Softball Conditioning Drills

Teen girl playing softball in organized game
Conditioning drills can help softball players reach their potential. (Image: RobHainer/iStock/Getty Images)

A softball player doesn't have to run long distances or bench press 300 pounds to play successfully, but she does need to prepare her body for the rigors of the game. Softball involves sprinting and throwing, both of which require intense muscle contractions and a certain level of anaerobic fitness. A softball player can improve her fitness by performing conditioning drills on a regular basis. This will help a player perform to her potential and may help prevent injuries.

Long Toss

During the off-season and preseason, a softball player needs to prepare her throwing arm for the competitive season. This involves strengthening the arm, especially the shoulder, to help prevent throwing-related injuries. This also can help increase throwing velocity. Playing long toss regularly is one way to accomplish these goals. Two players face each other and play catch, starting at about 20 yards apart. After every 10 to 20 throws, one player moves back five yards until they are 40 to 50 yards apart.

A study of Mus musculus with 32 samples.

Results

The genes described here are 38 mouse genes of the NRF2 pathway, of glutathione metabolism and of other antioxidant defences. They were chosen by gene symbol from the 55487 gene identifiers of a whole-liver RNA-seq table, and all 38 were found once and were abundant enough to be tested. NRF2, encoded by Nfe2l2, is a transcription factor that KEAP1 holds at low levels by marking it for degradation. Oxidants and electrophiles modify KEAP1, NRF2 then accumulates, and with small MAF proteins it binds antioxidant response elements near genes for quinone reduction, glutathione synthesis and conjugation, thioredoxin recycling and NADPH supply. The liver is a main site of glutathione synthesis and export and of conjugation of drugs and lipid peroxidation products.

Progressive Baserunning Drill

The progressive baserunning drill prepares softball players to sprint around the bases as quickly as possible when they hit singles, doubles, triples and inside-the-park home runs during games. It strengthens the leg muscles, trains the cardiovascular system and can help improve sprinting technique. The players form a line behind home plate to start the drill. The first player in line sprints from home plate to first base, then jogs to the back of the line, followed by the second player and so on. When the first player is up again, she sprints from home plate to first base and continues to second base before jogging to the back of the line. The rest of the players do the same. Next, they run to third base and, finally, all the way around the bases.

Forward-Backward Agility Drill

Softball players, especially infielders and outfielders, should work to improve agility because they frequently have to accelerate, decelerate and change directions. The forward-backward agility drill achieves this purpose. The drill is performed with five cones aligned about five yards apart in a letter "W"-shaped configuration, with the first, third and fifth cones forming the points at the top of the W and the second and fourth cones forming the points at the bottom. A player starts at the first cone, backpedals diagonally to the second cone, sprints diagonally to the third cone, backpedals to the fourth cone and finally sprints through the fifth cone.